It’s now been more than a year since the NYC Ferry system launched, and the city has loudly championed its successes since then: The system surpassed its initial ridership projections, with more than three million passengers in 2017, and it’s expected to service nine million riders by 2019.
But as the city prepares to give the system another infusion of cash—to the tune of $300 million over the next five years—questions about its practicality continue to dog it. And as Second Avenue Sagas’s Ben Kabak has noted, the NYCEDC, which leads the ferry expansion efforts (it’s operated by Hornblower), has yet to release ridership data for the ferry—so questions about who it’s actually for have also arisen as part of what Kabak calls “ferry fatigue”
Now, a massive new report in the Village Voice attempts to answer the latter question; reporters Aaron Gordan, Jake Offenhartz, and Emma Whitford (also a Curbed NY contributor) talked to 60 ferry riders who utilize four of its routes, and found the following:
Ferry riders are, by and large, higher-income New Yorkers taking advantage of subsidized ferry rides to avoid subways and buses — not because it’s a faster commute, but because of the ferry’s creature comforts such as elbow room, concessions, alcohol, WiFi, and the fresh sea air.
This isn’t exactly a surprise; the ferry services only a handful of neighborhoods, most of which have median incomes above that of the city as a whole, as the Voice notes. Many of its landings are in closest proximity to those neighborhoods’ luxury residential towers, and have become a selling point for those high-priced residences.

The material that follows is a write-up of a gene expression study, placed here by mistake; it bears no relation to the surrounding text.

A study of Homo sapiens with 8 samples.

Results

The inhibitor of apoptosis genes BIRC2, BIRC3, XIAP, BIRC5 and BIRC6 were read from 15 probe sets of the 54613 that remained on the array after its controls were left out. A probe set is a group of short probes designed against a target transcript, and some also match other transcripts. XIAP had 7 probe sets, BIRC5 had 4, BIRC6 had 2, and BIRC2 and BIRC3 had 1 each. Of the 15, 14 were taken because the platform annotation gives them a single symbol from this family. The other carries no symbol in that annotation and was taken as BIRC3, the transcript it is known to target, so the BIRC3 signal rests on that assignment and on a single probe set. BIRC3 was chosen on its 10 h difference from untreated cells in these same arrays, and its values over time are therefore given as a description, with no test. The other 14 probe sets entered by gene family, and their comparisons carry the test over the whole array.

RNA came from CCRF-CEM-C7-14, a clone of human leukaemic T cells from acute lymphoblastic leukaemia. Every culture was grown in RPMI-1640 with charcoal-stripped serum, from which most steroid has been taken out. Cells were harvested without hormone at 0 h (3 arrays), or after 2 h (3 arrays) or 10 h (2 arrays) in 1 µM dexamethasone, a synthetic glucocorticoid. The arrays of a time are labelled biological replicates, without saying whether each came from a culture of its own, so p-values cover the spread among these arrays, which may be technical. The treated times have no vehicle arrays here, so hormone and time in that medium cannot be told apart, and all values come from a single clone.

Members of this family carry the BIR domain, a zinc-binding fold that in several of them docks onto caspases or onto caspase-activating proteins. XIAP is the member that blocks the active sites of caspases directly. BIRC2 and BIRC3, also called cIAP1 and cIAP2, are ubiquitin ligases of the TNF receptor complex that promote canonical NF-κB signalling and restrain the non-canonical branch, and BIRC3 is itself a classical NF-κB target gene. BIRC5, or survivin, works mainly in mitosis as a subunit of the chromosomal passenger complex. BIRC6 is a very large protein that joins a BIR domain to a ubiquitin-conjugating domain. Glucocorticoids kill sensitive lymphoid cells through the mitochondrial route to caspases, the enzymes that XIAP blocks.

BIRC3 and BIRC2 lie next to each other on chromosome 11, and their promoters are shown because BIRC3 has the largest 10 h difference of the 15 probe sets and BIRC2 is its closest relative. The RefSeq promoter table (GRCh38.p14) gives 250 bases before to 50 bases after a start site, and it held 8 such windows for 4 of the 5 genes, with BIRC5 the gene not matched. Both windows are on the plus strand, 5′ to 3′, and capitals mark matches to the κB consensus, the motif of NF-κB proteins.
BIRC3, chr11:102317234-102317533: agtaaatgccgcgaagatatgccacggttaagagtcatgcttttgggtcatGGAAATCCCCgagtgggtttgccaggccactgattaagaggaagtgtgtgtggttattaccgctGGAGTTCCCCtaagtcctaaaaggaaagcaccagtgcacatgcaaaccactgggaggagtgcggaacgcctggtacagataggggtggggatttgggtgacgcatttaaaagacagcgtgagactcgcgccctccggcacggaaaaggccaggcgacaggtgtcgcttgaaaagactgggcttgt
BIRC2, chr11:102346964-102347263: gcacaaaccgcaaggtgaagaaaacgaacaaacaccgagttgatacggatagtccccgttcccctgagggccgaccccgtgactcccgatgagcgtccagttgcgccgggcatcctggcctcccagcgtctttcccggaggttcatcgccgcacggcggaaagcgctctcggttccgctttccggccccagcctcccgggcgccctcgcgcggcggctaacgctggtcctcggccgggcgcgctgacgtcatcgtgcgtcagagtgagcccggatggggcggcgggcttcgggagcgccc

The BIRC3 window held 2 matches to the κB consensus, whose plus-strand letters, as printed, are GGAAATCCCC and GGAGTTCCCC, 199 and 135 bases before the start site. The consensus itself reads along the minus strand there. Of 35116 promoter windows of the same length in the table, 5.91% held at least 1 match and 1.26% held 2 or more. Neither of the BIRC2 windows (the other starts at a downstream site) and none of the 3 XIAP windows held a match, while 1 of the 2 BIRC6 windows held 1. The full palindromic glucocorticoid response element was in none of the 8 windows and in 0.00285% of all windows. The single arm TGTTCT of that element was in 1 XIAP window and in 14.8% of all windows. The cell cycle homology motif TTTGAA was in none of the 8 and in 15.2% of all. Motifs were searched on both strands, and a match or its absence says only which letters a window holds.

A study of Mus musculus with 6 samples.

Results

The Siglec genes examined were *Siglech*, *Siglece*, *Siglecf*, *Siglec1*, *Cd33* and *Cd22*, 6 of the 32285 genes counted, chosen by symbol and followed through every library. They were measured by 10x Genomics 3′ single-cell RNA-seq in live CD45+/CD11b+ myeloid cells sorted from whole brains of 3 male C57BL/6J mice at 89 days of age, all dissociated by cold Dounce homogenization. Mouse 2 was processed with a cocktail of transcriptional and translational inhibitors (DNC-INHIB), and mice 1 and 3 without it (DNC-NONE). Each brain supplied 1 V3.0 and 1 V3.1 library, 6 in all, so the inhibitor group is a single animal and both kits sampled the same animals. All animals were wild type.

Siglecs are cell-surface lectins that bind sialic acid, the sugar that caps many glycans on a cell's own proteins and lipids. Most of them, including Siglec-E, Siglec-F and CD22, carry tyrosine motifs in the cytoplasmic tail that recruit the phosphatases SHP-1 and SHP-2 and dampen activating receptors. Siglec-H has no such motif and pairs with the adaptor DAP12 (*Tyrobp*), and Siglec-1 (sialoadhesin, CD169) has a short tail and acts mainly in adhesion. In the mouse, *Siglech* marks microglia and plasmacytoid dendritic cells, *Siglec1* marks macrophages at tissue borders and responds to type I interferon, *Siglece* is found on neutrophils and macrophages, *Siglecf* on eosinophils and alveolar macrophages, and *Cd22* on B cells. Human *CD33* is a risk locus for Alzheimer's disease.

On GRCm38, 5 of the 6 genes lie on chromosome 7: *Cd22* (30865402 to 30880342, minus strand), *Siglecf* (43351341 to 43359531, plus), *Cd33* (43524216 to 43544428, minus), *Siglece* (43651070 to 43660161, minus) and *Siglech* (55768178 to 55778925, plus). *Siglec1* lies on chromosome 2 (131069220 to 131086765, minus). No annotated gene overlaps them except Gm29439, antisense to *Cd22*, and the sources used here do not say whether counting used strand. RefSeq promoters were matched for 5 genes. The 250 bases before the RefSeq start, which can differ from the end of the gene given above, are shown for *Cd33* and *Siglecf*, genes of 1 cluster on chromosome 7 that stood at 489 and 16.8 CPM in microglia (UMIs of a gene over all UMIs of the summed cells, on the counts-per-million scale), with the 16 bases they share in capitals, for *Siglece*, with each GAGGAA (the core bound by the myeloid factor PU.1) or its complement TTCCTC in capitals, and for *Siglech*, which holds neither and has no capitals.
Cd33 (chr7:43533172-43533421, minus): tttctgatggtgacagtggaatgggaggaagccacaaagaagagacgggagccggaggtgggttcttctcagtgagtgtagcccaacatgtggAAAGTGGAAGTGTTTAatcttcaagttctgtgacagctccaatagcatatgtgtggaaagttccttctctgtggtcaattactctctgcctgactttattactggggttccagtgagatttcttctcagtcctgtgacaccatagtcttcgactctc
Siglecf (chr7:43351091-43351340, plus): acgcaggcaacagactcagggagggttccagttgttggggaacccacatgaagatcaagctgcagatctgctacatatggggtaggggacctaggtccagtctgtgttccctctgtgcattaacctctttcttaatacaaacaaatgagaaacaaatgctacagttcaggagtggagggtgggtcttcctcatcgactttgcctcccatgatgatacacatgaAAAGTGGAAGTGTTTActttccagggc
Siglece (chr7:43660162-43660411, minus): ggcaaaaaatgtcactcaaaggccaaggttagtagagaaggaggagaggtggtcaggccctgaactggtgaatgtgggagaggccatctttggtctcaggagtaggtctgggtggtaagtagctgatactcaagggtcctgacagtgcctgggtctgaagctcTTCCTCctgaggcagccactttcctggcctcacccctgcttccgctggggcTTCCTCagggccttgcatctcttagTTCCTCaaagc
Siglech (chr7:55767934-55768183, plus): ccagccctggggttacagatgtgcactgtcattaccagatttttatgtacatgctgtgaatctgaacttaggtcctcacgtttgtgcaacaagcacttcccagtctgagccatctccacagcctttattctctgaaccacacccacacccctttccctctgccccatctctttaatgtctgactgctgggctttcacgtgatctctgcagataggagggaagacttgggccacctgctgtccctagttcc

Meanwhile, the Voice notes, the ferry accommodated fewer riders in 2017 than the subway system does in a single day. Even Citi Bike—which is entirely privately funded—sees more riders than the ferry system does in one day.
“Any way one slices it, NYC Ferry is getting far more subsidies per rider than the city’s crucial transit systems,” the Voice writes.
Mayor Bill de Blasio has pitched ferry service as a crucial alternative to the crumbling subway system, and indeed, many of the people the Voice talked to cited the trains’ breakdowns as a big driver for their switch to the ferry. One, who commutes from Long Island City to Wall Street, told the Voice that “I kind of rave about it. The workers are really pleasant, the views — it’s like a vacation.”
Others, meanwhile, only served to emphasize the Voice’s point about the economic and demographic disparity between ferry riders and the subway commuters they’ve left behind. Take, for instance, a commuter from the Rockaways who told the Voice that she stopped taking the A train because it “wasn’t safe.” She continued, “The crowd isn’t good on it. It’d go through East New York. This is more comfortable, more relaxing. It’s a different type of clientele and people.” (Hmm.)
The whole thing is worth a read—check it out at the Voice here.